THERE was a defiant mood in the Westville Hotel on Tuesday evening as more than 200 BT workers demanded that Union officials fight for their jobs as they detailed their reaction to the news that BT could close the Enniskillen site later this year – with more than 300 jobs based at the site potentially on the line.

A meeting was called by the Communication Workers Union (CWU) to inform its members of the details of the situation and to answer any questions they may have.

Those present told the panel of their “hurt” and “disgust” about the news, which has caused shockwaves across Fermanagh and Enniskillen, where BT is one of the largest employers.

There were heartfelt pleas from workers, many with more than 20 years of service to the company.

One man described his hurt as he claimed a meeting was called with “15 minutes’ notice and the announcement was made [online] on Microsoft Teams”.

Another worker added that she was not present for the meeting, and instead found out about the proposed closure of the site via Facebook when local Press shared reports.

The panel was formed by Karen Rose, President of the CWU and Deputy General Secretary-Elect; Stephen Albon, CWU National Officer; Mark Feehily, Northern Ireland Telecoms Branch Secretary and staff member in BT Enniskillen; and Erin Massey, CWU NI Regional Secretary; and was Chaired by Joe Fee, Branch Chair of the Communications Workers Union.

Beginning the meeting, Mr. Feehily – who described himself as a “proud member of the Enniskillen call centre site” – told those gathered: “I know you want answers to your questions.

“This is about your response to what the company has said. This is very devastating for you guys, the town in general, and me and my wife, who both work there.”

There were murmurs of agreement and applause when one BT worker described how they felt like they had a “gun to their head” over the voluntary severance scheme offered to staff last week, which they have until March 8 to decide if they wish to take it.

Ms. Rose told those attending: “We are going to fight this closure. The reason we are going to fight this is it’s the right thing to do.”

She described the situation across the UK where other sites have also been announced as potential closures, such as Greenock outside Glasgow, and Liverpool.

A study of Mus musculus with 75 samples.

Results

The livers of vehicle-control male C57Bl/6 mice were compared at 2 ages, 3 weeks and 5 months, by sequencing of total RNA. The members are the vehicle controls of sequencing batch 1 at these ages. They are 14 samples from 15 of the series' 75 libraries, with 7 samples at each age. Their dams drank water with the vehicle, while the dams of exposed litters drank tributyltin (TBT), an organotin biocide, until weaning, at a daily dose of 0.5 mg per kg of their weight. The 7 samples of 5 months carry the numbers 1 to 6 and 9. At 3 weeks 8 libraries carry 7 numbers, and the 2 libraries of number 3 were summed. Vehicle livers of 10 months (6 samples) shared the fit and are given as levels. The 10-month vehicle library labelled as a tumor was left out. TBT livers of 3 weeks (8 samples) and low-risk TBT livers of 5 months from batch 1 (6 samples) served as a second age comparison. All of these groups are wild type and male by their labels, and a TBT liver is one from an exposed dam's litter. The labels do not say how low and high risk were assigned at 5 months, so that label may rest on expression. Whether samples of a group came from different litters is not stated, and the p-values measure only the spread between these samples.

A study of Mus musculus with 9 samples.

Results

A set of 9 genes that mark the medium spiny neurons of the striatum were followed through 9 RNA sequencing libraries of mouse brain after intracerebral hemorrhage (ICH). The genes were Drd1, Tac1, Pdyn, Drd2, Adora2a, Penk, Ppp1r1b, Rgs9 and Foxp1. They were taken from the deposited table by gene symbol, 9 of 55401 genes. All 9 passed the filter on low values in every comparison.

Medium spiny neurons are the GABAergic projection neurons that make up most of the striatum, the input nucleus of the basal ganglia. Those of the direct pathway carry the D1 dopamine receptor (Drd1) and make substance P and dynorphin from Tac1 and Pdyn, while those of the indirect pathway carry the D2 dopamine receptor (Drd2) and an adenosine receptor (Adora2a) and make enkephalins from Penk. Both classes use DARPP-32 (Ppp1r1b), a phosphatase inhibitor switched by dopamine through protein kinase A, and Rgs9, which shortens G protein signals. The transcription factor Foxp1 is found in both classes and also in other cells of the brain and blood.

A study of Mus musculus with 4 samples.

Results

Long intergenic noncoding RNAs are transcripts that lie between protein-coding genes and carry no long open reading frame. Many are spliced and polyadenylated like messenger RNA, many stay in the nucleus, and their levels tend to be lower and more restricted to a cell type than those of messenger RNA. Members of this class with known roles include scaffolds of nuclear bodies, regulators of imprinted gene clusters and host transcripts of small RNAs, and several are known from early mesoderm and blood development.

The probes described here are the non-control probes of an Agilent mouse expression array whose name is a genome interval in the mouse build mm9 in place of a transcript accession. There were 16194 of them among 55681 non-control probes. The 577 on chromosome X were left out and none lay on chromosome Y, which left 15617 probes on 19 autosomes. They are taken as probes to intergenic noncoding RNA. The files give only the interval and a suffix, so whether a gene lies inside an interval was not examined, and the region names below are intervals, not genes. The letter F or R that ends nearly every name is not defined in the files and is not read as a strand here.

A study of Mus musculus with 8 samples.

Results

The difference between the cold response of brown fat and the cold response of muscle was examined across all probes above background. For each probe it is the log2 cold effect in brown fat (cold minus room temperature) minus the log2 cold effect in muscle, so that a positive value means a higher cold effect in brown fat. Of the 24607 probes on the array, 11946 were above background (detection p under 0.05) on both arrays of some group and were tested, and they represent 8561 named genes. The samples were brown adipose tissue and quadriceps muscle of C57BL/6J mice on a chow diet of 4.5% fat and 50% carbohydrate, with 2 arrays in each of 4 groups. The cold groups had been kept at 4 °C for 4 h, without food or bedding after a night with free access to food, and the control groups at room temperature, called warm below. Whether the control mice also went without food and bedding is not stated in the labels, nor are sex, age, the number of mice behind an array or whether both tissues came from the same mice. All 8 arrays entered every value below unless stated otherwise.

She said: “The company has offered them [Greenock and Liverpool workers] jobs in other call centres. This [Enniskillen] is different to the other announcements made last week.

“We see this as different because of the lack of alternative employment, or even within BT.

“I think there are unique circumstances to give us the opportunity to leverage the company.”

She and other panellists called for unity among workers as all present noted that individuals will need to make decisions surrounding the severance deal based on their personal circumstances.

Stephen Albon noted that Enniskillen staff “had no drop in performance during home working” amid the Covid-19 pandemic, when he monitored performance, and he assured members that he would be travelling to Enniskillen to give them updates.

Erin Massey said that the announcement during a cost-of-living crisis was “unexpected”, “unwarranted” and “unfair”.

She added: “The economy is going to be decimated in Enniskillen if these jobs go.”

Speakers from the floor called for a committee to be formed on the issue from among CWU members in BT Enniskillen.

Others asked around the potential for homeworking, given the site is one of the reasons BT has indicated a potential closure.

A panellist replied to questions from the floor, stating: “We are going to fight to keep the jobs in Enniskillen; we will fight tooth and nail to keep people in employment.

“We have talked retaining, reskilling, remote working, smart working – these are options we think should be explored.”

Solidarity came from MLAs and local councillors from Sinn Féin, the Democratic Unionist Party, the Ulster Unionist Party, the SDLP and the Alliance Party, as well as from fellow trade union members with Jill Weir, Unison rep and Fermanagh Council of Trade Unions, stating: “Do not make it a self-fulfilling prophecy.

“Don’t play BT’s game ... they need to be held accountable by our MLAs. If you fight, you may not always win, but if you don’t fight, you will always lose.”

A fellow trade unionist and former BT worker, Lawrence Huston, came to the meeting from Ballymena to offer solidarity, and called on action from politicians, from councillors to MLAs to Ministers.

He said: “Some of our MLAs are here tonight and I thank them for that. As regards a fight, these people [Stormont politicians] have had a good holiday.

“This is a fight for the First Minister and the Deputy First Minister.”